J’s Halloween Hall of Fame: World War Z

This time around on the Halloween Hall of Fame, it’s Zombies! Sure you’ve got your classic George Romero stuff and your 28 Days Later which along with Robert Kirkman have given us our version of the contemporary Zombie story.  But one tale that I feel is a little different from those and that gets unfairly kicked around are the novel and film versions of World War Z.  

If you haven’t seen the movie or read this book, World War Z is a zombies by way of disease outbreak story.  But the thing I feel sets  WWZ apart is that it addresses the epidemic on a global scale.  It shows us the perils on a “macro”  scale and not just on the “micro.”  For example, you’ve got your Walking Dead and I Am Legend which follows the characters around in their little area, fairly isolated, just people trying to survive the crisis.  World War Z shows how the rest of the globe is holding out.  And the movie adaptation feels like a Tom Clancy international thriller only with Zombies instead of terrorists that have obtained nuke launch codes or something.

WWZ 1

There’s that tired old cliché where readers get in the face of moviegoers yelling, “the book was SO much better” when a film adaptation is released of some beloved novel.  In the case of Max Brook’s 2006 novel World War Z, I feel it’s not necessarily better it’s just that the book and the film are so totally different but I enjoyed each one quite a bit.  The novel of course is far more reaching than the movie was and that is to be expected.  The book follows a traveling interviewer going around the globe documenting people’s accounts of the Zombie War shortly after it begins to finally subside.  One of the most fascinating aspects about the book was how you get to hear from these character’s that are all around the world, with totally different backgrounds describe their harrowing experiences.  You get accounts from  politicians, warlords, doctors, mercenaries, military, etc.  The author I feel did a really good job taking account the different political climates, cultures, and  customs into each of the character’s stories which gives them all a unique and intriguing spin.  I highly recommend the audiobook, it has a  star studded cast which includes Nathan Fillion, Simon Pegg,  Mark Hamill, Common, Kal Penn, Jeri Ryan just to name a few.  The novel was written by Max Brooks after all, son of Hollywood legends Mel Brooks and Anne Bancroft so he’s got some celeb pull.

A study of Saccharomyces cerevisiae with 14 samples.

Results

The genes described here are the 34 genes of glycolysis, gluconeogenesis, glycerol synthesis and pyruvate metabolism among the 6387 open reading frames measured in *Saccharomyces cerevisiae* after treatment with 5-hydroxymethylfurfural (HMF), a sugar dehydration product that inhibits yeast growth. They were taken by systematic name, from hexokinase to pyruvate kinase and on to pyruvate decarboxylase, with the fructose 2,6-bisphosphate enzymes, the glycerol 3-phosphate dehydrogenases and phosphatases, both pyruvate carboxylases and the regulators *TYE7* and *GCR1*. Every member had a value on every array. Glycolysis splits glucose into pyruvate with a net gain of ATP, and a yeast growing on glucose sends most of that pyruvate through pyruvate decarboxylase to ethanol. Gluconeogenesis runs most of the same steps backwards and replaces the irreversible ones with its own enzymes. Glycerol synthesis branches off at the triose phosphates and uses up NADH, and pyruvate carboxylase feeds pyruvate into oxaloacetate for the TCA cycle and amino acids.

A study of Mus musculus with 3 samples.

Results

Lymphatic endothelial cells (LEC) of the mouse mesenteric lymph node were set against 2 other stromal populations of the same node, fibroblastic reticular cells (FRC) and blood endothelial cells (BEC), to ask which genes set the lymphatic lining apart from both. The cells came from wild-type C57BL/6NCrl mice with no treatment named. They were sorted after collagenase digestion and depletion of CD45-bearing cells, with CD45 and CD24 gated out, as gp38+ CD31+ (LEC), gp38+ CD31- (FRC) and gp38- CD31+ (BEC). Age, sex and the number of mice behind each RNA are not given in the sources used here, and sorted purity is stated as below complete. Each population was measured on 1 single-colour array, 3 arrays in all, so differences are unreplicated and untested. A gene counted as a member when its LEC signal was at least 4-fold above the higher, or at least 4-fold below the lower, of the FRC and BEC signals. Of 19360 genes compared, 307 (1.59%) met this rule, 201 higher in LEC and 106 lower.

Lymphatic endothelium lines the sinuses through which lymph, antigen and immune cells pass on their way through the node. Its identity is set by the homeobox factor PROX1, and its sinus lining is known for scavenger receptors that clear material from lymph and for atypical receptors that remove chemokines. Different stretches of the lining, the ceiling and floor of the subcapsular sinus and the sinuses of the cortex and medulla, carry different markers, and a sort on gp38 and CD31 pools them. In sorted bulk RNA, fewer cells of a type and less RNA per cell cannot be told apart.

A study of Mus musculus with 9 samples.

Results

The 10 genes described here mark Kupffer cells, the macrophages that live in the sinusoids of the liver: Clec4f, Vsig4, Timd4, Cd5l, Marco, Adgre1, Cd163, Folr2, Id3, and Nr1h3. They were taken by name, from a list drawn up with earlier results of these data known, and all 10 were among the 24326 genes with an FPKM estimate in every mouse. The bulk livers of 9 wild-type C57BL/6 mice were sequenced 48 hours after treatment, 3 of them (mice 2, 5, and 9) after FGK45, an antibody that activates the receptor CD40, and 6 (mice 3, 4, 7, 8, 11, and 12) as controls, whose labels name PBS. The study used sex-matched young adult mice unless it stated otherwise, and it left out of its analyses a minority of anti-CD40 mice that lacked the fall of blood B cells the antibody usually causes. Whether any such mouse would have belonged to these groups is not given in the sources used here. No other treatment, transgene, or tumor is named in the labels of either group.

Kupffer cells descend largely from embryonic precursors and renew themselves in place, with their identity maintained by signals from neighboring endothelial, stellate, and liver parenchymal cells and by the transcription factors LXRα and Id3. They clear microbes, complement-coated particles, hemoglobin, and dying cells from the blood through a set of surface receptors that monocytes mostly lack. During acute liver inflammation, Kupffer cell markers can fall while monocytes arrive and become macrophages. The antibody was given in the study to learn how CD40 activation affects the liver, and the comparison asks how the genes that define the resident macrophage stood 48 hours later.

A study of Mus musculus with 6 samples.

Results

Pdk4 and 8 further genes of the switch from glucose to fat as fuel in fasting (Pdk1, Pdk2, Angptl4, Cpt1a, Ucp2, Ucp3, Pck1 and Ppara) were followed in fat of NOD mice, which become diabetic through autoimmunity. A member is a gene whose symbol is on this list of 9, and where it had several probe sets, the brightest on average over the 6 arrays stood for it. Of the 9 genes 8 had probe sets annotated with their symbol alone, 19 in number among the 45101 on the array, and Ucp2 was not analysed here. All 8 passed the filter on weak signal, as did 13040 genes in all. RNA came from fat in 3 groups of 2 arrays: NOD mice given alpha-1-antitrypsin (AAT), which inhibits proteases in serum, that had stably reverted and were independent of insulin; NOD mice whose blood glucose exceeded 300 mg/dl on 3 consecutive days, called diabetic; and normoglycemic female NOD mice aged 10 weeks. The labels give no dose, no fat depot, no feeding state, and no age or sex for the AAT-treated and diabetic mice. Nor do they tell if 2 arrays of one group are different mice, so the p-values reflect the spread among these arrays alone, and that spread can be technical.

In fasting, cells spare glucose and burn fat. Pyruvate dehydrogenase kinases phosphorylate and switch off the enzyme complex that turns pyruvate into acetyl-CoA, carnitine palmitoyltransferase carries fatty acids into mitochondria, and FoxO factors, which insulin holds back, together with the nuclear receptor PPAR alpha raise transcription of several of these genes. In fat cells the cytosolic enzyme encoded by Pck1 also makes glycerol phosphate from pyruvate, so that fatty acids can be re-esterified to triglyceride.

WWZ 4

 

The film follows Brad Pitt’s character Gerry Lane (a former UN action hero) and his family at first trying to escape the horrors of the Zombie outbreak as it begins to hit in their hometown of Philadelphia.  The story then starts to focus on Pitt and his team elite team of military awesome men trying to find “Patient Zero” in hopes to find a cure and save the human race from total extinction.  The movie has some dazzling action sequences and visuals that will follow you around in your nightmares for quite some time.  The movie also does a good job of giving you a global view of how the Zombie outbreak is being handled by different governments around the world.  It was directed by  Marc Foster who also directed Quantum of Solace, The Kite Runner and Monster’s Ball.  So you know you’re in fairly good hands already.

WWZ 2

So to summarize, World War Z the book and movie are totally different yet both are an enjoyable and fun experience. I feel like they make excellent companion pieces to each other.  You get the same feel from both of them yet each has their own engaging aspects. I don’t think I’ve ever encountered this before from a film adaptation of a novel.  So if you want some good Zombie scares and are starting to grow tired of Rick Grimes and the rag tag gang, then give World War Z a taste.